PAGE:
California's Central Valley is voting, again, to replace Kevin McCarthy in Congress

Two weeks after narrowing the field of candidates to represent them in Congress starting next year, voters in the San Joaquin Valley are voting again.

On Tuesday, Central Valley voters will cast ballots in a separate special election to complete the remainder of former Rep. Kevin McCarthy’s term in the House of Representatives. The Bakersfield Republican left Congress at the end of 2023, with a year left in his term, after his own party ousted him as speaker of the House.

The fight to succeed McCarthy has pitted Republicans against Republicans in the 20th Congressional District, which includes Fresno, Kern, Kings and Tulare counties. The front-runners include McCarthy’s handpicked successor, Assemblymember Vince Fong; and Tulare County Sheriff Mike Boudreaux, a law-and-order conservative.

If either Fong or Bourdreaux wins the special election, he will head into the regular November election as the incumbent member of Congress, a significant advantage in the race to represent the San Joaquin Valley district in Congress in 2025 and 2026.

Being the incumbent on the November ballot would help “enormously,” said Republican consultant Rob Stutzman, who is not working for either candidate. “It’s a huge boost.”

Stutzman said voters probably wouldn’t want to back a different candidate months after sending someone to Washington. And, he said, being sworn into Congress after the special election would unlock support from the National Republican Congressional Committee, which spends to support incumbents in their reelection fights.

There are nine candidates on the special election ballot. Two are Democrats, including Marisa Wood, a middle school teacher who ran against McCarthy in 2022. Four are Republicans, including Fong, Boudreaux and Fresno casino owner Kyle Kirkland, who loaned his campaign $485,000, federal records show. Three candidates are running with no party preference.

If no candidate receives more than 50% of the vote in Tuesday’s special election, the race will go to a runoff on May 21.

Much of the Republican establishment has lined up behind Fong, who started his career as McCarthy’s district director before being elected to represent Bakersfield in the state Assembly.

Two super PACs, one funded by McCarthy’s political action committee, spent more than $670,000 to boost Fong through digital ads, text messages and mailers, federal filings show. One group called Central Valley Values sent ads about Wood to Democrats in the district, apparently in an attempt to help her advance to the general election. In a deep-red district, Fong would have an easy path to election in both races if he faced a Democrat.

Rep. Adam B. Schiff of Burbank and his allies used a similar strategy in the California Senate race, boosting Republican Steve Garvey in an effort to keep Rep. Katie Porter, a fierce liberal competitor, out of the November election.

The strategy didn’t work in the Central Valley, where primary election results for the full two-year term show Fong with about 42% of the primary vote, Boudreaux with 24% and Wood with about 21%.

Fong also snagged an endorsement from former President Trump, a huge advantage in one of the most Republican congressional districts in California. Trump wrote last month on his social network, Truth Social, that Fong would work in Congress to “grow the economy, lower your taxes, cut burdensome regulations, champion American energy, and protect and defend the 2nd Amendment, which is under siege by the radical left.”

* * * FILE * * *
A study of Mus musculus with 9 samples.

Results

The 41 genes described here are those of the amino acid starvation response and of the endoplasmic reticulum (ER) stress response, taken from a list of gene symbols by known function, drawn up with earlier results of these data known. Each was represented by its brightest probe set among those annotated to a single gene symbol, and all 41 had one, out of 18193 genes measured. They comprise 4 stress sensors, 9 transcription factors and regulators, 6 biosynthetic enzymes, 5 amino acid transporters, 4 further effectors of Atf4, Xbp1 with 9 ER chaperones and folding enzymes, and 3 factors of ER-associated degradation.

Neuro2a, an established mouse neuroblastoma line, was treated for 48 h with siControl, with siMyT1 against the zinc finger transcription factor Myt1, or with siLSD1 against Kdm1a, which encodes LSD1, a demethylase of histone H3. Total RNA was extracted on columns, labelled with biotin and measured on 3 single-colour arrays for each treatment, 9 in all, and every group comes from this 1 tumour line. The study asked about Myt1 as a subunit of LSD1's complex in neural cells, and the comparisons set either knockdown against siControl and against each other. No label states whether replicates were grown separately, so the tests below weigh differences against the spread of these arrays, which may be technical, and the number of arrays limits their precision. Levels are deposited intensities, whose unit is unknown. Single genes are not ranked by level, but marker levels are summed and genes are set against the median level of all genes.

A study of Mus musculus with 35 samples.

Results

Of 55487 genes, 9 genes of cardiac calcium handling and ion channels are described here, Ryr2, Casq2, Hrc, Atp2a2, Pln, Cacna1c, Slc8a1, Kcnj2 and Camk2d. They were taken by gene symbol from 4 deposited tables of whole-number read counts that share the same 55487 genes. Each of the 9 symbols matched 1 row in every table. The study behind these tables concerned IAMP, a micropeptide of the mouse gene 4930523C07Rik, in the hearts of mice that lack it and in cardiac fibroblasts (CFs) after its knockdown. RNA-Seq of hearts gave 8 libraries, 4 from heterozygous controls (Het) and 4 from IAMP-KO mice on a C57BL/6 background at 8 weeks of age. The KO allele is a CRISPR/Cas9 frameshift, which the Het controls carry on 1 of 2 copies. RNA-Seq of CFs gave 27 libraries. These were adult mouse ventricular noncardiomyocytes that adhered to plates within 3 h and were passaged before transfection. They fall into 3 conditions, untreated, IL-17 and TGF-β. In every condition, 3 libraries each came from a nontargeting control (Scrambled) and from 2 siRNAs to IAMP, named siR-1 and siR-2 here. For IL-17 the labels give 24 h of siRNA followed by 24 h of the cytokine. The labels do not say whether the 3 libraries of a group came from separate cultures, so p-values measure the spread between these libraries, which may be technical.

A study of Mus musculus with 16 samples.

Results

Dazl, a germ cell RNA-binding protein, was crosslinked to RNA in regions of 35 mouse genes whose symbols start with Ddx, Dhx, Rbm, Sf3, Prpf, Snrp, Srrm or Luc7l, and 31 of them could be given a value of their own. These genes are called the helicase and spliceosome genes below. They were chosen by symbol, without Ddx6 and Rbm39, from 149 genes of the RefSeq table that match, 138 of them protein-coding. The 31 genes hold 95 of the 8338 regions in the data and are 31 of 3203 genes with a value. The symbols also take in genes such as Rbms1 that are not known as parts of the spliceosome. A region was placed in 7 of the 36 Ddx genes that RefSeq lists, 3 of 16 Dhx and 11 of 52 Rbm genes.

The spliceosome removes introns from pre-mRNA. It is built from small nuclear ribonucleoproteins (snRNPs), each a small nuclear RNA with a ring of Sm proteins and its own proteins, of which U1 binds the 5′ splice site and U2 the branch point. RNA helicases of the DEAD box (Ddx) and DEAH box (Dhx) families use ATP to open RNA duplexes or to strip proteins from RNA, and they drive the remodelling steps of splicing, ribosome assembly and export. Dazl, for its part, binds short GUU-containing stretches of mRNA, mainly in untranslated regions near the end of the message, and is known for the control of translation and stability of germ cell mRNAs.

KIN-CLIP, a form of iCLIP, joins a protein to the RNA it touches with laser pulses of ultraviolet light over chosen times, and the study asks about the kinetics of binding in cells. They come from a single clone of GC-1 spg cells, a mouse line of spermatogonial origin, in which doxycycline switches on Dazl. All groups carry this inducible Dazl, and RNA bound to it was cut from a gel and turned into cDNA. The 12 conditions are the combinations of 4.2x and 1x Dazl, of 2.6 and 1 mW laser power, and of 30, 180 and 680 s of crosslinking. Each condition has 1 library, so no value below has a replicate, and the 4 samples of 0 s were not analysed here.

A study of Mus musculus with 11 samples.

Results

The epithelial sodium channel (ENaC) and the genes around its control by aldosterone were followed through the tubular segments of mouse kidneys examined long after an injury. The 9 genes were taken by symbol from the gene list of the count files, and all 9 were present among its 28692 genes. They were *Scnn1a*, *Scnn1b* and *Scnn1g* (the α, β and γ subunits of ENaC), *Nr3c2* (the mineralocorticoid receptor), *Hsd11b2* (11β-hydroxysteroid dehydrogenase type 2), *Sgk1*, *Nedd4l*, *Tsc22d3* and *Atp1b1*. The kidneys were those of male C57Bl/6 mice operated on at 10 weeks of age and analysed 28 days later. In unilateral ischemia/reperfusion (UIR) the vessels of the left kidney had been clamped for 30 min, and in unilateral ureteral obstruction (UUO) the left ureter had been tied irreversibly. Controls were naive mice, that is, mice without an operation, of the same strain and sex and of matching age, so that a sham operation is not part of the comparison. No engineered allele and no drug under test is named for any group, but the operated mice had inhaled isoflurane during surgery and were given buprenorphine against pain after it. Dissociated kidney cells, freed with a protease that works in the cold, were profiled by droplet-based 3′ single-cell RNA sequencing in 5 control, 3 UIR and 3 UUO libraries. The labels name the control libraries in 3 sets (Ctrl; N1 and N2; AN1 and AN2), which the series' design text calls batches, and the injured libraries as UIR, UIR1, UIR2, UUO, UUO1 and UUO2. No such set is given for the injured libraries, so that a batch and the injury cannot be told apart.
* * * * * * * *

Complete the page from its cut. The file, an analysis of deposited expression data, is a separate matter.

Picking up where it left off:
Fong said in a statement that the Central Valley is “ready to once again have leaders in DC, like President Trump, that will fight for our interests and values.”

Trump’s endorsement of Fong, Stutzman said, “really cuts the legs out from under any type of insurgency from the right.”

Boudreaux has cast himself as an alternative to the Central Valley’s establishment Republican politics. He has been endorsed by state Sen. Shannon Grove (R-Bakersfield) and David Giglio, the self-described “America First” candidate who dropped out of the congressional race last month.

The Central Valley is “demanding leadership in Washington with real experience confronting our biggest issues: safety and our open border,” Boudreaux said after the Associated Press said he would advance to the November ballot. Boudreaux advanced despite being “outspent 10-to-1 by swampy D.C. special interests and super PACs seeking to protect the status quo,” his campaign manager said in a statement.

The election got off to a rocky start, with legal confusion over whether Fong, who had initially filed to run for reelection in the 32nd Assembly District, is eligible to run for Congress. Fong changed his mind, filed to run for Congress and was barred from the ballot by California Secretary of State Shirley Weber, a Democrat, who said that state law prohibits candidates from running for two offices in one election.

Fong sued, arguing that the law Weber cited has not been applicable since 2010, when California voters scrapped the state’s party nomination system and created a new system in which the two candidates who receive the most votes advance to the general election regardless of their party affiliation. A Sacramento County judge sided with Fong in late December, ruling that he could appear on the ballot after all.

Weber’s office appealed the decision in late January and asked the 3rd District Court of Appeal to rule on the question of Fong’s eligibility by April 12, the deadline for Weber to certify the primary election results.